EPSRC Reference: EP/M010910/1
Title: Understanding Bose-Einstein Condensation of Light
Principal Investigator: Kirton, Dr P G
Other Investigators:
Researcher Co-Investigators:
Project Partners:
Imperial College London
Department: Physics and Astronomy
Organisation: University of St Andrews
Scheme: EPSRC Fellowship
Starts: 01 January 2015 Ends: 31 December 2017 Value (£): 255,469
EPSRC Research Topic Classifications:
Light-Matter Interactions Quantum Optics & Information
EPSRC Industrial Sector Classifications:
No relevance to Underpinning Sectors
Related Grants:
Panel History:
Panel DatePanel NameOutcome
03 Sep 2014 EPSRC Physical Sciences Fellowships Interview Panel 3rd, 4th and 5th Sept 2014 Announced
23 Jul 2014 EPSRC Physical Sciences Physics - July 2014 Announced
Summary on Grant Application Form
The search for quantum effects on macroscopic scales has fascinated many physicists over the past century. Bose-Einstein condensation (BEC) is one route to such remarkable behaviour. BEC occurs in systems formed from large collections of bosons (particles which follow Bose-Einstein statistics), such as photons (the quantised particle of light), and atoms with an even number of constituent parts. A BEC forms when the temperature of a gas becomes so low that the only way the energy distribution can follow the rules of quantum mechanics is by transitioning to a phase in which many of the particles are in the single lowest energy quantum state. This causes a dramatic change in the properties of the gas as the whole ensemble behaves as a single quantum particle.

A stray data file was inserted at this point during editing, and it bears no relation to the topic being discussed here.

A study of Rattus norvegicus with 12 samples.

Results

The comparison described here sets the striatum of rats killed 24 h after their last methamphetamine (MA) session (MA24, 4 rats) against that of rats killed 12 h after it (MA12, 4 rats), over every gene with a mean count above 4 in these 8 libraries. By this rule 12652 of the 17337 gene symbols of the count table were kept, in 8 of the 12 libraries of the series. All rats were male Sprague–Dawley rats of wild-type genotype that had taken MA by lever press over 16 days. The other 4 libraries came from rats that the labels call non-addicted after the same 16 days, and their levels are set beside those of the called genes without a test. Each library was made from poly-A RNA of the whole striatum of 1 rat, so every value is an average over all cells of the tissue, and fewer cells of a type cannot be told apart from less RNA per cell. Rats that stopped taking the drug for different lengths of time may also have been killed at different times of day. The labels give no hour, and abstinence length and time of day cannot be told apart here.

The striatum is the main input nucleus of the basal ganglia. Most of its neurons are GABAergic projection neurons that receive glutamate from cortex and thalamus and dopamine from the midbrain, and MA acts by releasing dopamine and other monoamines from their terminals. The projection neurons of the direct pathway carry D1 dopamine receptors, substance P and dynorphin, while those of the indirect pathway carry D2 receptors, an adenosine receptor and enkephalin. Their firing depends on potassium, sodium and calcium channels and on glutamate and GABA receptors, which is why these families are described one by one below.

Initially it was thought that a BEC of photons could never form since the number of particles is not conserved, and so as a gas of photons is cooled the particles are absorbed by the container, and the gas does not condense. Remarkably, in 2010, around 100 years since the relevant physics was first discussed, this problem was overcome and the room temperature BEC of photons was experimentally observed. This success has opened up a whole new set of questions which must be addressed in order to maximise the potential for future experiments. These systems, while sharing many similarities with the conventional equilibrium BECs observed in ultra-cold atoms, are very different due to the finite lifetime of the particles. This gives rise to a rich variety of physical behaviour including non-equilibrium superfluidity, spontaneous quantised vortices and other exotic phenomena which I intend to explore.

My previous work has addressed the latest experimental results. However, there is significant interest in using these systems as a toolbox for understanding many-body quantum phenomena (complex behaviour requiring many interacting particles). For these applications the tools developed so far are inadequate. Systems such as these, with strong coupling and competition between coherent quantum effects and losses, are very challenging to treat, analytically or numerically. The tools I propose to develop here will provide a route to understanding the behaviour of these room temperature quantum coherent systems.